A new weekly feature in which our writers share their favourite tracks of the week.
The Weeknd – ‘House of Balloons/Glass Table Girls’ (Chosen by Adam Lacey)
R’n’B hasn’t been this disturbing since R. Kelly turned up at my 14-year-old cousin’s birthday party uninvited, having consumed two litres of Capri Sun and seeking some ‘private time’ with the birthday girl. The sex-heavy genre is currently being given a new lease of life by How to Dress Well et al but The Weeknd’s falsetto-voiced creep, Abel Tesfaye, takes it to new levels with this double-headed (ahem) groover whose pulsating beat probably reflects the depravity of Tesfaye’s sexual/narcotic exploits.
With a sound that could be oOoOO feeding Cash Money and D’Angelo records through Times New Viking’s equipment, this is music to grind to but then deny said grinding if grilled in public. Check out that pitch-shifted ‘Nightmare on Elm Street’ line. Shudder.
John Grant – ‘Queen of Denmark (Chosen by Niall Crumlish)
For me, as has been the case at any point in the last four months, my track of the week could have been any from John Grant’s Queen of Denmark. A couple of weeks ago I sat with my wife on the floor by the stage in a club in Paris, five feet from Grant, as the liquid, bitter, mellifluous tones of ‘Queen of Denmark’ tripped off his tongue. I wanted nothing more than for the song to go on, and on, and on, and, as is the case every time this song comes on, everything was in its right place.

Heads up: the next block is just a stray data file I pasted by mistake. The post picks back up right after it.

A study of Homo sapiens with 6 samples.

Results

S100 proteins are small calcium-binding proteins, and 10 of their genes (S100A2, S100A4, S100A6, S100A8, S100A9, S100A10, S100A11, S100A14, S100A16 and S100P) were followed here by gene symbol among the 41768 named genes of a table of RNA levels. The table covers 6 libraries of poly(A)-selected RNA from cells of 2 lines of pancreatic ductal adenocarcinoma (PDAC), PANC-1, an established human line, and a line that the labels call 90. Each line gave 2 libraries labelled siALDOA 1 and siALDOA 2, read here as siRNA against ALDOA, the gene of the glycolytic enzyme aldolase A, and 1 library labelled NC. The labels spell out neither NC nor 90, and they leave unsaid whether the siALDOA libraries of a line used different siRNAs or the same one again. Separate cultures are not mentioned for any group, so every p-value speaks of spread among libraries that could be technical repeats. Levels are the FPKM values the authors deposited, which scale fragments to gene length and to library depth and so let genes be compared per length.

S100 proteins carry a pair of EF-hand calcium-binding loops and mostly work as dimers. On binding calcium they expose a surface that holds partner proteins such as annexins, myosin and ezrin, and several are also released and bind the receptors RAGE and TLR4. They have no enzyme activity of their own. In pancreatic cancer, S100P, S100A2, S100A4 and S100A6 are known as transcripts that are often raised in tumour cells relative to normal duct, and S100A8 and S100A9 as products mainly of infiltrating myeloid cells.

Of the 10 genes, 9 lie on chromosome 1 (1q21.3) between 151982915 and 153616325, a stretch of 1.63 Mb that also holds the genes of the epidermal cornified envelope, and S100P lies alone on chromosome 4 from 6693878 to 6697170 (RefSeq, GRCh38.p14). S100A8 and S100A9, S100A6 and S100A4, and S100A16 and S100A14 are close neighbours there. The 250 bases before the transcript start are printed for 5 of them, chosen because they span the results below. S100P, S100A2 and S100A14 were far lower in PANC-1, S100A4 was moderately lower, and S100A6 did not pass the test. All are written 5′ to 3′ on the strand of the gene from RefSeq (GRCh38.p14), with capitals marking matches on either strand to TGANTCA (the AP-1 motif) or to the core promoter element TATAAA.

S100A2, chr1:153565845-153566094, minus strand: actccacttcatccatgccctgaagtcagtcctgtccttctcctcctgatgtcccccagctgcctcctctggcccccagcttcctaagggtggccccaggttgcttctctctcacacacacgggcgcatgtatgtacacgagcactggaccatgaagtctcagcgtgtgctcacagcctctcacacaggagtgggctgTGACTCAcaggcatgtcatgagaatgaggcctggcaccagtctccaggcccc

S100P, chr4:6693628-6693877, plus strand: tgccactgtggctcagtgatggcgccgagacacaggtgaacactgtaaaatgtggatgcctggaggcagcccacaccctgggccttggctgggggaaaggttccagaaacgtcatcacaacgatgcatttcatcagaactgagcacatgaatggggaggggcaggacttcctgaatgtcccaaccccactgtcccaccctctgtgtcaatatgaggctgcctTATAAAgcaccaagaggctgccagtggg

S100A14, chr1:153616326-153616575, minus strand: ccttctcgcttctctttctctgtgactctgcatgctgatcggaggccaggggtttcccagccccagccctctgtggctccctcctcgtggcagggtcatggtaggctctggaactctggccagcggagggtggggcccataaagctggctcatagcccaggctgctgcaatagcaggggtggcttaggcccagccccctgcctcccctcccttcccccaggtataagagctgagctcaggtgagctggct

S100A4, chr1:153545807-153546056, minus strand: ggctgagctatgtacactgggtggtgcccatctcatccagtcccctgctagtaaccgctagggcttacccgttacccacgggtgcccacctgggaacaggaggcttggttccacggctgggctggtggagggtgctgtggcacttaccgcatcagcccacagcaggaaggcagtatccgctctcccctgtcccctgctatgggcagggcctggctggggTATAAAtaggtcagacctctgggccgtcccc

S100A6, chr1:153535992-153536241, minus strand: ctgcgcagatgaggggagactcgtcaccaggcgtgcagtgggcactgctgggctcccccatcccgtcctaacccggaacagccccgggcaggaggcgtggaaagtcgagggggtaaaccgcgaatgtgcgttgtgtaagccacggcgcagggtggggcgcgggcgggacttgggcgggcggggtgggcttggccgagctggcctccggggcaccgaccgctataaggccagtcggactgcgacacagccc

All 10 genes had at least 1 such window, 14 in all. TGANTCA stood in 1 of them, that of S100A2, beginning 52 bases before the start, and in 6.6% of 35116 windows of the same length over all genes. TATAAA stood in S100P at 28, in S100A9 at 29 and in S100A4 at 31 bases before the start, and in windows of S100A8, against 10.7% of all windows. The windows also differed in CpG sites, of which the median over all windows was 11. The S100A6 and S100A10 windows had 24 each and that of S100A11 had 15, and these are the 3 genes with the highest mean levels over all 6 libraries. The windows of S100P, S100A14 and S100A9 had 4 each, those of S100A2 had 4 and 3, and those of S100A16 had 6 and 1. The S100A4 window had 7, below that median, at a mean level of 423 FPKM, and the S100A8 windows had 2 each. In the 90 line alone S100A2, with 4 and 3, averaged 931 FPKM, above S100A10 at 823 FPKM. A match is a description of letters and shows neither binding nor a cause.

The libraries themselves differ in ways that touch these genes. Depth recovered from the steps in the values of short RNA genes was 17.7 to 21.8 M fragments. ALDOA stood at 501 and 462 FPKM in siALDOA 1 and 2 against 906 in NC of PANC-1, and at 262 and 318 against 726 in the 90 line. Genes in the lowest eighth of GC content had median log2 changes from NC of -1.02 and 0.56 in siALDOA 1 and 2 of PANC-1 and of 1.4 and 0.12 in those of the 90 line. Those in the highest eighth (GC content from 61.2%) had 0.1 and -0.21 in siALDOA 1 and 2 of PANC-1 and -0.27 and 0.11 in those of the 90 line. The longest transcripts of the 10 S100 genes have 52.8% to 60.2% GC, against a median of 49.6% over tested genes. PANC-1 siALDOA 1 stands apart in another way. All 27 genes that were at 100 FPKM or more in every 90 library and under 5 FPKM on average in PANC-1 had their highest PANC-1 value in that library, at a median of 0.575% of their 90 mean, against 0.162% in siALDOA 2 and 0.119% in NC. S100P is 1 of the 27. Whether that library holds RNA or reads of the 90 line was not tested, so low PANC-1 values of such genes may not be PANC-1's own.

Hipster Youth – ‘Where (n) Meets Infinity’ (chosen by Daniel Harrison)
Throwing something of a curveball after last year’s chiptune-tinged album Teenage Elders, this new track is still electronically-based but has a completely different vibe. The first minute or so sounds like it’s being transmitted from some unholy vortex or echo chamber, infused with squall and fuzz – this gives way to a trippy, lo-fi electronic groove with muffled, displaced-sounding vocals. Delirious, inventive and infectious.
The Heathens – ‘Changing Ways’ (Chosen by John Balfe)
Blow the dust off this one and file it under ‘what might have been’. The Heathens formed in Dublin in 2006, played a handful of gigs, recorded an EP and then promptly split up. Their music, should you have ever seen them play live, was a volatile mix of blues and rock ‘n’ roll, all swimming around a thumping rhythm section. Fronted by the Beefheart-voiced sneer of Conor McKenna (a barrister now, apparently), The Heathens instantly stood out from their unsigned peers but flew too far under the radar to make any sort of significant impact in their all-too-brief lifespan. Enjoy this; unfortunately you’ll be one of the few to have heard it.
Margo Guryan – ‘Sunday Morning’ (Chosen by Ciaran Gaynor McCoy)
When the sun breaks out from behind the clouds I find myself returning to the soothing voice of Margo Guryan, a native New Yorker whose late 60s output was equally influenced by Californian soft-pop and jazz. Guryan has since turned her attention to music teaching and students of composition could do worse than listen to Sunday Morning – the opening track on her 1968 album Take A Picture – which is a masterclass in itself.